Rhine Neckar Area


Rose, Small

Geographic Regions
Translating Geographical Regions
In almost all cases, the English form of a German place name is to be used if one exists.

German: = English:

Westfalia = Westphalia
Hannover = Hanover
Braunschweig = Brunswick
Pommern = Pomerania
Lausitz = Lusatia (use English, but put German in brackets)
Liefland = eastern Baltic region
Kurland = Courland (eastern Baltic)
Esthland = Estonia
Rheinland = Rhineland
Niedersachsen = Lower Saxony
Sachsen-Gotha = Saxen-Gotha
Thuringen = Thuringia

Bayern = Bavaria
Franken = Franconia
Nuernberg = Nuremberg
Muenchen = Munich
Wuerttemberg = Wuerttemberg
Pfalz = Palatinate

Oesterreich = Austria
Steiermark = Styria
Kaernten = Carinthia
Tirol = Tyrol
Wien = Vienna
Schlesien = Silesia
Boehmen = Bohemia
Maehren = Moravia
Prag = Prague
Siebenbuergen = Transylvania (use both forms)


The Rhine Neckar Area, often referred to as Rhein-Neckar-Triangle is a Metropolitan Area located in south western Germany, between Frankfurt and Stuttgart. The area around the major cities Mannheim, Ludwigshafen and Heidelberg has a population of 3.5 million and encompasses three federal states: Baden-Wuerttemberg, Rhineland-Palatinate and Hesse.
Iseminger
Kessler

SIMMERN is in left hand corner
MOSBACH is below and right of heidelberg
NECKARSTEINACH would be near Frankenthal
OBEROWISHEIM would below neckarsulm
EPPENGIN would be to the right of Oberowisheim

Sturms
Ebbert
IGGLEHEIM is in white
SCHIFFERSTADT is above Iggleheim

hidlebergoldingeman002.jpg

View from the "alley of philosophers" (Philosophenweg) towards the Old Town area of Heidelberg in south-central Germany. Heidelberg Castle, Heiliggeist Church, and the Old Bridge are visible in the backround. Photo by Christian Bienia.
The main axis of the state is the Rhine river, that forms the border with Baden-Württemberg and Hesse in the southeast before running across the northern part of Rhineland-Palatinate. The Rhine Valley is bounded by mountain chains and forms a fascinating landscape with some of the historically most significant places of Germany.
In the northwest there are the southern parts of the Eifel mountains. Further south there is the Hunsrück mountain chain, which is continued by the Taunus mountains on the opposite side of the Rhine. The hilly lands in the south of the state are called the Palatine Forest (Pfälzerwald).
These mountain chains are separated from each other by the tributaries of the Rhine: the Moselle (Mosel), the Lahn and the Nahe.

THE RHINE - EARLY ORGINS

An area which surrounds the Rhine River, one of Germany's most vital waterways, the Rhineland is renowned for its agricultural and industrial wealth. The Rhur Valley in the North is one of the world's most heavily industrialized areas and the vineyards of Mosel in the South have produced wines that are internationally acclaimed. The "Romantic Rhineland" has been immortalized in numerous ancient folk songs and fables. The region was occupied by the Romans, who founded many of the region's beautiful and historic cities as Roman settlements. After the fall of the Roman Empire, barbarian tribes conquered the German provinces and the Franks dominated the Rhineland. Nevertheless, the Rhineland was again brought under Germanic rule when Charlemagne, the greatest of the medieval kings, brought the barbarian tribes under the central order of the Holy Roman Empire.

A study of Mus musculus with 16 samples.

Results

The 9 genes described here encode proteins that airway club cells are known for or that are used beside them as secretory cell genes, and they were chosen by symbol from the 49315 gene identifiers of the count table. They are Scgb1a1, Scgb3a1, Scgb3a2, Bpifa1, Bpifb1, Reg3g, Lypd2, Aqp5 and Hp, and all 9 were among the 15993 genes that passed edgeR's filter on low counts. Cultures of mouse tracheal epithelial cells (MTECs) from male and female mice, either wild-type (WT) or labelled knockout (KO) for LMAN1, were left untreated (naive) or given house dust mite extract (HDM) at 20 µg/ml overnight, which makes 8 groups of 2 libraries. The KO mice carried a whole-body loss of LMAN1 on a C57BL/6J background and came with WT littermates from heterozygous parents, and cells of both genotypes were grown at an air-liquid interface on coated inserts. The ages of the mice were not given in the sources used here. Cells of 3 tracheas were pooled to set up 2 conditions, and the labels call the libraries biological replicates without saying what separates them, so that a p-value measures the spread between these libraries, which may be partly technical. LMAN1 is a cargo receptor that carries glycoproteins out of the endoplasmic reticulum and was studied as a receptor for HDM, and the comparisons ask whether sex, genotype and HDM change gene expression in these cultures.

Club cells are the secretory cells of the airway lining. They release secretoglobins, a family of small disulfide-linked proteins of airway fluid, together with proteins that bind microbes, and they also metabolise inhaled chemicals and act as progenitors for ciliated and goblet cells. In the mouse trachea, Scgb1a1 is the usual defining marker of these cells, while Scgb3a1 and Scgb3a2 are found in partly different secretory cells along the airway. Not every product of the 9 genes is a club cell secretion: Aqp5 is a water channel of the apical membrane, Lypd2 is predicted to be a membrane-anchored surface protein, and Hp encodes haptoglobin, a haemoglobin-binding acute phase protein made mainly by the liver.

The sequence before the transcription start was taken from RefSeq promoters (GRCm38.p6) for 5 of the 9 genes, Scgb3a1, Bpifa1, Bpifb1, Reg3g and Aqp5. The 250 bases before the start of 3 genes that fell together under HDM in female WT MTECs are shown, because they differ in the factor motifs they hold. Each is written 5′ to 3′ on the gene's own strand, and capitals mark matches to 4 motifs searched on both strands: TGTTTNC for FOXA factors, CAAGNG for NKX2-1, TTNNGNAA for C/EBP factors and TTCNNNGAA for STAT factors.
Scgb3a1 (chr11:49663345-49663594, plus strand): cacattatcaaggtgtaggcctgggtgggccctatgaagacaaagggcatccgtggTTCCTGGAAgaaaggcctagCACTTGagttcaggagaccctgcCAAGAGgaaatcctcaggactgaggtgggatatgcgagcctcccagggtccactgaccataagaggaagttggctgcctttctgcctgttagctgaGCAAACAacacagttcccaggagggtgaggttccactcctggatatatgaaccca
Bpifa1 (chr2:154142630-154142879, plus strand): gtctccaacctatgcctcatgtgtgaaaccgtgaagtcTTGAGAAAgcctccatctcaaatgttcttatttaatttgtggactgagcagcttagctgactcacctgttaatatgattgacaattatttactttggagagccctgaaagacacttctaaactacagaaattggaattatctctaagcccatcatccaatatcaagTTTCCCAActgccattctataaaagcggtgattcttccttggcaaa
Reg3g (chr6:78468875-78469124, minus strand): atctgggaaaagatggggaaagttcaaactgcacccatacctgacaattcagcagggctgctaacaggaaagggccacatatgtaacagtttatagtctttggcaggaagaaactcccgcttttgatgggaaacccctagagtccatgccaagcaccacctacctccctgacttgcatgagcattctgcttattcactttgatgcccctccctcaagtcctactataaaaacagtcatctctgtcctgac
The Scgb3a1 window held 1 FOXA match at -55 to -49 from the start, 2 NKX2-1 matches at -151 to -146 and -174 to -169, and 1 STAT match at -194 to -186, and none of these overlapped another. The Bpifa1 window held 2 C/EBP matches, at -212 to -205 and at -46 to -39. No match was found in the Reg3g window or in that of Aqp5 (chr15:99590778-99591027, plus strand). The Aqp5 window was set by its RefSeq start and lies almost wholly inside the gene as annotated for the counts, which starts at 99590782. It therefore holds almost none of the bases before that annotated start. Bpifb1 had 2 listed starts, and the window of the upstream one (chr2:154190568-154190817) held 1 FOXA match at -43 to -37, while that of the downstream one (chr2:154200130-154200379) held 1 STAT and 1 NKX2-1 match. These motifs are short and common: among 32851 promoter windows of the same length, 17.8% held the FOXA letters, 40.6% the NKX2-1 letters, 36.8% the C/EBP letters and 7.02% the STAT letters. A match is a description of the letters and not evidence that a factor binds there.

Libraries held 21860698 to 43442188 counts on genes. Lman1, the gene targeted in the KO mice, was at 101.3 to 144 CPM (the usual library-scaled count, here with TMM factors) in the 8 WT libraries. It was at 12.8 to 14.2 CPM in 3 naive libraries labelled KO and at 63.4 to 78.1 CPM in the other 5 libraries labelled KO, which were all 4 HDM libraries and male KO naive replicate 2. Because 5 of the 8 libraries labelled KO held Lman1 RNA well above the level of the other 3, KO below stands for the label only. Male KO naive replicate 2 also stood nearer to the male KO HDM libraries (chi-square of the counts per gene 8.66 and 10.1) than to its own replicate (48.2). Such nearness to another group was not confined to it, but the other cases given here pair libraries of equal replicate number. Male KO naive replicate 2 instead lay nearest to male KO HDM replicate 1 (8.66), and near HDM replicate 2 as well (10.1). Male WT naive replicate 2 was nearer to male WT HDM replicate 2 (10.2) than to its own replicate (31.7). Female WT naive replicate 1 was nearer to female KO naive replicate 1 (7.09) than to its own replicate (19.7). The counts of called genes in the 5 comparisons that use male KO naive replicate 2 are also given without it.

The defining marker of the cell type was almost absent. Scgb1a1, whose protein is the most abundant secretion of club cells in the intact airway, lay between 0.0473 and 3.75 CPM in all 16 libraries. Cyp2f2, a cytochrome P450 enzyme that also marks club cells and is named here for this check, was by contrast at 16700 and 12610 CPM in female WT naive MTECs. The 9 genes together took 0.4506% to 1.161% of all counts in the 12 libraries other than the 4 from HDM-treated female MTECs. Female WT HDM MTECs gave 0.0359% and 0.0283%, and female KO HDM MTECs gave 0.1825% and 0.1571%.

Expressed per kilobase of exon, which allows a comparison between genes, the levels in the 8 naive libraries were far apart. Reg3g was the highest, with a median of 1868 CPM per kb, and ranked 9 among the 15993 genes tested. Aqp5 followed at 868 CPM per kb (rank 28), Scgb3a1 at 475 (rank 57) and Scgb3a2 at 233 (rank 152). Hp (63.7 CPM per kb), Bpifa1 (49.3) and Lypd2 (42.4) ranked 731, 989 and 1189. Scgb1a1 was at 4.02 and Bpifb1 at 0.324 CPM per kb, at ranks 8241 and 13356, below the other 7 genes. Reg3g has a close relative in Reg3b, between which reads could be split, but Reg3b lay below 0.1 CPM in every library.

Charlemagne, who has become a legendary figure because of his physical strength and courageous spirit, chose the city of Aachen as his capital and his chapel still remains there. The course of Rhineland history was changed dramatically when the Rhineland became an integral part of the German nation in the 19th century. The different principalities of the Rhineland were eventually united under the name "Reinprovinz" after the Congress of Vienna in 1815. At the same time, the various German states began to move toward the creation of a modern, powerful and united German nation. After the Revolutions of 1848, and the rise of Otto von Bismarck, the "iron chancellor", Germany expanded territorially, developed its economy, and emerged as a great world power. German Unification was proclaimed in 1871, by which time Germany had attained roughly the size and boundaries it would have in the 20th century.

I recently wrote to the city of Eppingen, Germany, as that is possibly where my ancestral Frederick Iseminger came from in 1751. I got a response that there are no longer any people with those surnames but that "your ancestors come from Simmern, Mosbach, Neckarsteinach and Oberowisheim," if my Babblefish.com translation is accurate. They also sent a couple pages from some book of marriage records (they did not provide the book name) that lists on page 170: "11.6.1748: Freidrich Eisenmanger, von Mosbach und Maria Margarete Nollert, geb. in Simmern 22.6.1730
A post from Micheal or William Iseminger

SCHIFFERSTADT
schifferstadttownhall.jpg
TOWN HALL

SIMMERN

The town was founded in the 13th century on the banks of the Simmerbach, of which the town name is derived from. A well fortified town, Simmern did not suffer tremendous hardship in the Thirty Years War, in spite of its switch from Catholic to Lutheran leadership during the Reformation.
In the late 17th century, the town was reportedly flooded by Huguenots from Alsace, Lorraine, and Flanders; escaping persecution by Louis XIV in France. Arguably due to overcrowding conditions from these refugees, the town suffered a terrible fire in 1689. Simmern received nationwide notority in the early 1800s when the famous German robber baron Johannes Bückler escaped from the inescapable Schinderhannesturm jail cell and proceeded to continue to rob wealthy land-owners in the duchy. Bückler and his bandits would eventually be caught and hung by Napoleon's armies in Mainz in 1803.

THE VINEYARDS

SMITH (British). "Metal worker," also found as Anglicized version of German or other forms.